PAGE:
Why More Women Should Take On Computer Science


Lillian Finnen, Reporter

It’s no secret that women have always been underrepresented in computer science fields. 

Urbana offers a few computer science courses: Foundations of Computer Science (FOCS), AP Computer Science Principles, AP Computer Science A, Advanced Computing Concepts, and IB Computer Science. 

As someone who has taken a couple of these classes, I can confirm that the ratio of men to women in the classroom is drastic.

Last semester, I was one of just five girls in Mr. Loomis’ full AP Computer Science Principles classroom.

I decided to ask Mr. Loomis why he thinks that less women enroll in computer science courses, and he responded with, “If you ask the experts, they would say that traditionally girls are more timid or afraid of the subjects… they feel like it’s not their place, but I think that’s completely the wrong mindset.”

However, both Mr. Loomis and Mr. Zimmerman (FOCS teacher) are of the opinion that women tend to excel more in writing programs for the class. 

Mr. Zimmerman explained how most of the coding tasks he keeps as examples from over the years have been the works of female students. He also stated that, “When I started teaching computer science, there were maybe 2 girls in a class, and now at least half the class, if not bigger [is girls].”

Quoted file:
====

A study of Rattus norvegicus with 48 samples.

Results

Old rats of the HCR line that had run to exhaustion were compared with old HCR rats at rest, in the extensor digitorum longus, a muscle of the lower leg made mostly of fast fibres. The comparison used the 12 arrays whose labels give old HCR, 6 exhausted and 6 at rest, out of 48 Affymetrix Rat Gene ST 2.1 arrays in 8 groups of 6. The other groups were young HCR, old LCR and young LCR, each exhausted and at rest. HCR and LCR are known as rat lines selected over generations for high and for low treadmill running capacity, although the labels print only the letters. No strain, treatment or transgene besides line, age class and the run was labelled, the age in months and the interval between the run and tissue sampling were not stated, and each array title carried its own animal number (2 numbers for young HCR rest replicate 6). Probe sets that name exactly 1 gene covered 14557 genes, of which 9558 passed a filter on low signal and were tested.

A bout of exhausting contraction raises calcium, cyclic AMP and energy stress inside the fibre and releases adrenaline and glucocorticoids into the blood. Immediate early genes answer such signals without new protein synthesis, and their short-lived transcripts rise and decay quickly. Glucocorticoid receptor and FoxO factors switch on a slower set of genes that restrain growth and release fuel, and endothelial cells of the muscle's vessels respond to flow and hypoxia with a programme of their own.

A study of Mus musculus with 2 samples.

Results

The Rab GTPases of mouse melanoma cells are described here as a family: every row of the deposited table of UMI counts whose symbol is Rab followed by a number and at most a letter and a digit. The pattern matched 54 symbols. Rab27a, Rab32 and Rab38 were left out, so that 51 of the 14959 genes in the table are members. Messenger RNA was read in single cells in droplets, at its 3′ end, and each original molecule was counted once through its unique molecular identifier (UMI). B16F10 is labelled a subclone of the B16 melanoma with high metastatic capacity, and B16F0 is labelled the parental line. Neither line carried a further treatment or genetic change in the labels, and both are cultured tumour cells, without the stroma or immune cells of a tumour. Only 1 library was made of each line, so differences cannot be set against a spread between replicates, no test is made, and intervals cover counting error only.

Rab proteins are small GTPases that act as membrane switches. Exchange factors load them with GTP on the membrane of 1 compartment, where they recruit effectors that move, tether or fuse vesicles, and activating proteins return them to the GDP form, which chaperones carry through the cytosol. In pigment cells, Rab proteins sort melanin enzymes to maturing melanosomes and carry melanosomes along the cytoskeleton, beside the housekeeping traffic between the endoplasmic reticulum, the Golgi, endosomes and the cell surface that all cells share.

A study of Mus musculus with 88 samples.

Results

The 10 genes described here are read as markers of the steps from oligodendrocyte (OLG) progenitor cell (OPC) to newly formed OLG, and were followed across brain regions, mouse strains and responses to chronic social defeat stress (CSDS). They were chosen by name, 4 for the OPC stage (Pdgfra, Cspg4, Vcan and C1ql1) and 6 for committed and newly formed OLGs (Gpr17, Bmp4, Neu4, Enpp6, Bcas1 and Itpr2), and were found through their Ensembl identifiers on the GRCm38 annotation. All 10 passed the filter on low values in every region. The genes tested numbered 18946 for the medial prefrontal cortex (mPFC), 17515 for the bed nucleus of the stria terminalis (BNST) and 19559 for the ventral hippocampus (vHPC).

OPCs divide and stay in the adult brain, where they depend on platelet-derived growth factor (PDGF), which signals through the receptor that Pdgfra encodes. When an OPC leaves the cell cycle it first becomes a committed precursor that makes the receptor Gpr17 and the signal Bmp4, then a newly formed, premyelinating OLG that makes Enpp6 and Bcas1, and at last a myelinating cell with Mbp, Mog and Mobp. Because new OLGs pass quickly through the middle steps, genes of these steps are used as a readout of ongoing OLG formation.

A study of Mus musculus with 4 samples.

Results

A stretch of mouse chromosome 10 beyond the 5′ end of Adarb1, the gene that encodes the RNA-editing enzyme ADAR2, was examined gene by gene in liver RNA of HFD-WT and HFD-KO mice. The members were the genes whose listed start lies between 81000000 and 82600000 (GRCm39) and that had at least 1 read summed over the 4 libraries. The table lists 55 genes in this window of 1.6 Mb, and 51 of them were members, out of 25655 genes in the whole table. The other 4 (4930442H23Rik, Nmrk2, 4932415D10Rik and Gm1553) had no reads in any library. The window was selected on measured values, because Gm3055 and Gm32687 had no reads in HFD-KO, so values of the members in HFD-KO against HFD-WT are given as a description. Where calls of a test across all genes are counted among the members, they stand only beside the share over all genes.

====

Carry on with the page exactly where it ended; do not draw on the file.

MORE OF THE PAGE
So if women are so skilled in this industry, why don’t more of them take on computer science related careers?

An article by Zippia states that “39% of surveyed women in tech said that they see gender bias as an obstacle.”

Zippia also states that “72% of women and over 50% of men in tech say women are outnumbered by men in meetings by at least a 2:1 ratio.”

Women have always been outnumbered by men in computer science fields, making it more difficult for them to get promotions.

Though these numbers are unmotivating, certain teachers at Urbana would take it upon themselves to encourage more women to get involved in computer science.

Graph from Berkeley shows the increase in girls taking AP Computing exams

Mr. Loomis suggests starting with some online tutorials to see which aspects of computer science interest you the most, whether it be programming, security, or even AI.

Dr. D (club advisor for Daughters of STEM) says that joining STEM related clubs and attending meetings would be helpful as well. 

Though historically more men take computer science classes, Mr. Loomis sees a trend that will continue to grow: “At Urbana we tend to have more girls than most other schools do, and I think as the years go on I’m starting to see more girls.”

It’s important to not be discouraged by gender inequalities, and instead persist through to take on leadership positions, which will ultimately result in personal success and eventually, more equality.